Construction industry chemicals market to hit $80bn by 2023 thanks to rise of green buildings
The demand for specialist construction industry chemical products is set to rise steadily over the next five years due to rapid urbanisation across Asia Pacific and the BRICS economies, as well as a growing awareness of green building techniques.
According to a report by P&S Market Research, the global construction chemicals market was worth $55bn in 2017 and will grow at a rate of 6.5% a year to reach around $80bn by 2023.
Among the products in question are concrete admixtures, adhesives, sealants, protective coatings, asphalt modifiers, flooring chemicals and flame retardants.
The demand for green building materials has been and will continue to be a key driver for the construction chemicals market.
These chemicals improve the overall durability of buildings, along with providing protection against environmental hazards.
These chemicals also bring down the volume of water and cement used in the construction process, which is also a major factor driving their demand. A growing awareness for energy conservation has also been increasing worldwide, thereby driving market growth in this segment.
Asia-Pacific (APAC) was the largest construction chemicals market, accounting for more than 35% sales in 2017. The region has the largest market owing to the massive growth in construction activities in countries such as India, China, and Japan.
Bellway snaps up nearly 16,000 plots
Bellway has acquired 15,982 plots since last August worth £891 million and agreed to buy a further 9,000 plots as it strives to keep up with soaring UK housing demand.
In a trading update to the London Stock Exchange, Bellway reported an average 239 reservations per week from February 1-June 6, up 51.3%, and a "strong balance sheet" with net cash of £408 million and the value of its order book rose 20.5% to £1,889 million.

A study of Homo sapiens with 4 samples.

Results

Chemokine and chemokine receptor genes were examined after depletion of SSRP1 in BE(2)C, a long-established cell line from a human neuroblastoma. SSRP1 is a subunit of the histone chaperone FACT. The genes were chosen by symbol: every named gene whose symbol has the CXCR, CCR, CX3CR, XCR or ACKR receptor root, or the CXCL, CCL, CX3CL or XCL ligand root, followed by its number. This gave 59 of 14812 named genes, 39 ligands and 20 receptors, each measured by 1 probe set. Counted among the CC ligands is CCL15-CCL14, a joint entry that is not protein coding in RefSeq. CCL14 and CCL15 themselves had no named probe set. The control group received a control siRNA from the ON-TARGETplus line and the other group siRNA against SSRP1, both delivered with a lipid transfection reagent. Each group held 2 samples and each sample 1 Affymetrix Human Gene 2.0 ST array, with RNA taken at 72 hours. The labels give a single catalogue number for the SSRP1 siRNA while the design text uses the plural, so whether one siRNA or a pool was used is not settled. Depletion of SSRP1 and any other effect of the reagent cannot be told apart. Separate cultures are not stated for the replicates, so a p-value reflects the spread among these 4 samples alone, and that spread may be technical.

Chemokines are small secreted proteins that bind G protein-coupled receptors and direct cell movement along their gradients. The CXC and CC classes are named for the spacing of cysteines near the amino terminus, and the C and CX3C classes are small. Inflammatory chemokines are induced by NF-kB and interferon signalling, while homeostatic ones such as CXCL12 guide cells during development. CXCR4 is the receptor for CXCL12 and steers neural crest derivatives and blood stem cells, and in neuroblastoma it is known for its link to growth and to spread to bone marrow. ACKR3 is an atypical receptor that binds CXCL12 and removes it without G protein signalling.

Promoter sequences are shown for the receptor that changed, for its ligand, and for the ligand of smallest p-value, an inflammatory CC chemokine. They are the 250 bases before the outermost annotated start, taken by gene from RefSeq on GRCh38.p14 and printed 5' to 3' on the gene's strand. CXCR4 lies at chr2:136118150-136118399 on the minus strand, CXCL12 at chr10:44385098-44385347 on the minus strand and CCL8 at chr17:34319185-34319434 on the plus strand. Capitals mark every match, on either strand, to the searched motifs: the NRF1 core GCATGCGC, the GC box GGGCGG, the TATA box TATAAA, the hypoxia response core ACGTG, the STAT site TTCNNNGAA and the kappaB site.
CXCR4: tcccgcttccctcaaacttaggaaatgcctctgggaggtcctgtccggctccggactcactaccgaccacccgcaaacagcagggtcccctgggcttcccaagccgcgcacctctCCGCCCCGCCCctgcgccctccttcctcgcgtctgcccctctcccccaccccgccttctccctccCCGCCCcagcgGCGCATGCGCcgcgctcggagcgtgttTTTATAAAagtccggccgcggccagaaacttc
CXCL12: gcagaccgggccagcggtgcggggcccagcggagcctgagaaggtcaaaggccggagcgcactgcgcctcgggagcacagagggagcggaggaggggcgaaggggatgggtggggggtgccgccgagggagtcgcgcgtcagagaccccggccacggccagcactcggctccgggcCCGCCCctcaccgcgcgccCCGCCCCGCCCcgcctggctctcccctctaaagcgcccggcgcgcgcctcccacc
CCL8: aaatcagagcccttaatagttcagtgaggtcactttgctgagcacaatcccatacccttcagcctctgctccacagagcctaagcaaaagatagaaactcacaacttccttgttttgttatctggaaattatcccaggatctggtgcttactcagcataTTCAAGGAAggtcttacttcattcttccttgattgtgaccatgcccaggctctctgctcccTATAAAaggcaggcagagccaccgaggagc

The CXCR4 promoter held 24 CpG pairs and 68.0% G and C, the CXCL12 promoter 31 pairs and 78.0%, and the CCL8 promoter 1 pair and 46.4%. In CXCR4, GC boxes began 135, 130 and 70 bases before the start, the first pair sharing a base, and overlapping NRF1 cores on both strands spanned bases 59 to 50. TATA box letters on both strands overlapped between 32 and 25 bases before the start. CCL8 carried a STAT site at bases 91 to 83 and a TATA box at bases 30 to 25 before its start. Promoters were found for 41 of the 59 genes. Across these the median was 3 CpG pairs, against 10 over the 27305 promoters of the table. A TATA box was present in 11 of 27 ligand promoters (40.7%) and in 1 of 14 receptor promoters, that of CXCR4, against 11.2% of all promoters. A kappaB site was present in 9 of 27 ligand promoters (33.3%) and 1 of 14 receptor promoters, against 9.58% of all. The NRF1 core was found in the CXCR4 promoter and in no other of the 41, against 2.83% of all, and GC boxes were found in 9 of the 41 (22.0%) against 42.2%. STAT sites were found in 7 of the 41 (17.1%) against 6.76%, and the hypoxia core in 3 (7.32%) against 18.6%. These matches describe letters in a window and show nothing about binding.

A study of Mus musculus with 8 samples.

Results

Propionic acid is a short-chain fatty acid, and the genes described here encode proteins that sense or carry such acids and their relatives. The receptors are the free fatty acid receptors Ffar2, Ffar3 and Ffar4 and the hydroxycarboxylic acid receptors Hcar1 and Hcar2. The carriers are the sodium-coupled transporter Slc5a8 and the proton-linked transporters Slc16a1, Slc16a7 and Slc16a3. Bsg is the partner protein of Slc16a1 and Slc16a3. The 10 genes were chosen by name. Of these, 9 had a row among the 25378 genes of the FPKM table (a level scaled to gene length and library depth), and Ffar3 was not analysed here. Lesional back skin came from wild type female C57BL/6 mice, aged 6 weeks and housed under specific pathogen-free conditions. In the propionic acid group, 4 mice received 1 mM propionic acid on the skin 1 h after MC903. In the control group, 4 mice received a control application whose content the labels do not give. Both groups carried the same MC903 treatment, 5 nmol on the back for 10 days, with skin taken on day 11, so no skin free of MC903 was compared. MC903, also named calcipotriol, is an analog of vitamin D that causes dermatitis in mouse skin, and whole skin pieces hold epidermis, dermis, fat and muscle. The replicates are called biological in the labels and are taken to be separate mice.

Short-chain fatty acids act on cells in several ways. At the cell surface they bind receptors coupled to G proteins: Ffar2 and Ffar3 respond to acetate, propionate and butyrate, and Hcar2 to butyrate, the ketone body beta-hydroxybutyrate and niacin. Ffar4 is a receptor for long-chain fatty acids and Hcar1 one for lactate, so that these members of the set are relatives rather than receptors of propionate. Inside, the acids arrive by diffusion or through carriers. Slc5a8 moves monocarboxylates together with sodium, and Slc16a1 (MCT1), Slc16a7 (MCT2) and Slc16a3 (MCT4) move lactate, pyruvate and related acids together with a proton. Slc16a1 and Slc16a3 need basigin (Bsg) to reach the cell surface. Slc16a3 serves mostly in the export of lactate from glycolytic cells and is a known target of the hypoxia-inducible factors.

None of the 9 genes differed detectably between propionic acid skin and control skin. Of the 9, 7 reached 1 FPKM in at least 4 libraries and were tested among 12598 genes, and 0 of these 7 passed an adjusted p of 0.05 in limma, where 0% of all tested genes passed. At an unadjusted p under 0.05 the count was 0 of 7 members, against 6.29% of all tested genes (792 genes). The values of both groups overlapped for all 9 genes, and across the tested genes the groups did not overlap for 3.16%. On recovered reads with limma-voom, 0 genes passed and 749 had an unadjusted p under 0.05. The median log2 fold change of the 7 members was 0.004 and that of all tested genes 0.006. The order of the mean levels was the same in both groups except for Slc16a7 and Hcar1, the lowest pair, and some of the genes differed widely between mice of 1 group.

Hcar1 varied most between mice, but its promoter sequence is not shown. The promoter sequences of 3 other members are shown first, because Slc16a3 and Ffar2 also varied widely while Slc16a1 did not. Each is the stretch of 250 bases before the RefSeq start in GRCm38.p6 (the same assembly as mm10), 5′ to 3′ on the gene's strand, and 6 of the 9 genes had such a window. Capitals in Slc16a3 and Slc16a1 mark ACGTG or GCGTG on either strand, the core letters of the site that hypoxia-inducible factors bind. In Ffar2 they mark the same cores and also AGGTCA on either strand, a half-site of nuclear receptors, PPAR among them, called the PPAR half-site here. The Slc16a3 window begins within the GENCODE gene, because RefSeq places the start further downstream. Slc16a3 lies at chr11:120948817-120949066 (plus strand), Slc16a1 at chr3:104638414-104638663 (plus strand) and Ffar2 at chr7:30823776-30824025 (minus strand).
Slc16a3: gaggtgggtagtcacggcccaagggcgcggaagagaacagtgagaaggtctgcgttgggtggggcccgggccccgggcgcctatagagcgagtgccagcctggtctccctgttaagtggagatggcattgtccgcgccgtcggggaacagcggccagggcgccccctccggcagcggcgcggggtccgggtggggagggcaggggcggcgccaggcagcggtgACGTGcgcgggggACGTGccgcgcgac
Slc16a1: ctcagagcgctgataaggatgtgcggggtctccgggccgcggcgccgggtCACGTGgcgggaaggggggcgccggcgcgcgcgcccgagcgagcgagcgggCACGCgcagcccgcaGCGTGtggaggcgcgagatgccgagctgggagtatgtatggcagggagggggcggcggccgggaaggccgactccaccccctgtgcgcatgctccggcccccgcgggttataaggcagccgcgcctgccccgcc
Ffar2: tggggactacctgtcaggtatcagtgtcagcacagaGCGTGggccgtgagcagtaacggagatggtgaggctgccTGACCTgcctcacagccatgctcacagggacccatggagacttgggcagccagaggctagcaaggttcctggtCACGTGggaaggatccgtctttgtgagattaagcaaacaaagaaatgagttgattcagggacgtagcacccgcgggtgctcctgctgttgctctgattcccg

Housing completions for the full year are expected to be around 10,000 homes and the average selling price is now expected to rise in excess of £300,000.
Jason Honeyman, Chief Executive, said demand for new homes continues to be strong and customer confidence throughout the wider housing market is resilient. "Customer satisfaction is high and our recently launched 'Customer First' programme will help to improve quality further," he said.
Notwithstanding the introduction of lower regional Help-to-Buy price caps, outside of London, and the restriction of the scheme to first time buyers only, with effect from April, the demand for larger, higher value homes "remains encouraging", which has been supported by the extended stamp duty land tax holiday and more broadly, ongoing customer aspirations for more home-working space.
Not everything is rosey in construction however, as pressure on material supplies remains intense, which is having a knock-on effect on projects and prices.
Since the beginning of the year the IHSMarkit CIPS UK Construction PMI has shown shortages of over 60 different construction materials including bricks, timber, roof tiles, insulation and kitchen appliances in every month this year. Overall, the number of construction materials experiencing shortages and price increases is trending upward.
With such a large number of EU workers from the UK leaving the industry, the sector is suffering from a further employment drought.
New national research from Powered Now, a field service management software that specialises in trades, shows 18% of Brits have sought a new career path in the trades as a result of the pandemic. But the pandemic has been a catalyst for diversifying the UK's trade workforce, with 15% of those considering the trades as a career, female.
- 18% of Brits agree that after COVID, have found employment within a trade sector to pick up additional work or to commence a new career path
- 15% of tradespeople have seen their client demand increase post-COVID
- 17% of tradespeople regularly work over 10 hours a day
- 16% of tradespeople agree that they lose out on business due to extensive administrative tasks, such as chasing invoices
- 16% of tradespeople agree that sequential waves of COVID has made them more motivated to work
Ben Dyer, CEO of Powered Now, said with shortages of supplies and labour, the whole industry is still in catch up mode and various projects that were delayed by sequential lockdowns, are now taking priority.
"This has helped to spike demand and we expect it to continue in the short term. Our research has entirely confirmed that tradespeople and consumers alike are very much eager to sustain this growth," he said.
"Our SME customers are also talking about the pressure to complete jobs as they don't have enough boots on the ground. As we have seen from the sentiments established in this research, a new wave of tradespeople are more motivated to work and are commencing their work on home improvements even sooner. These concerns are also sure to help the sector bounce back even quicker as people will rush to hire a tradesperson for their desired work."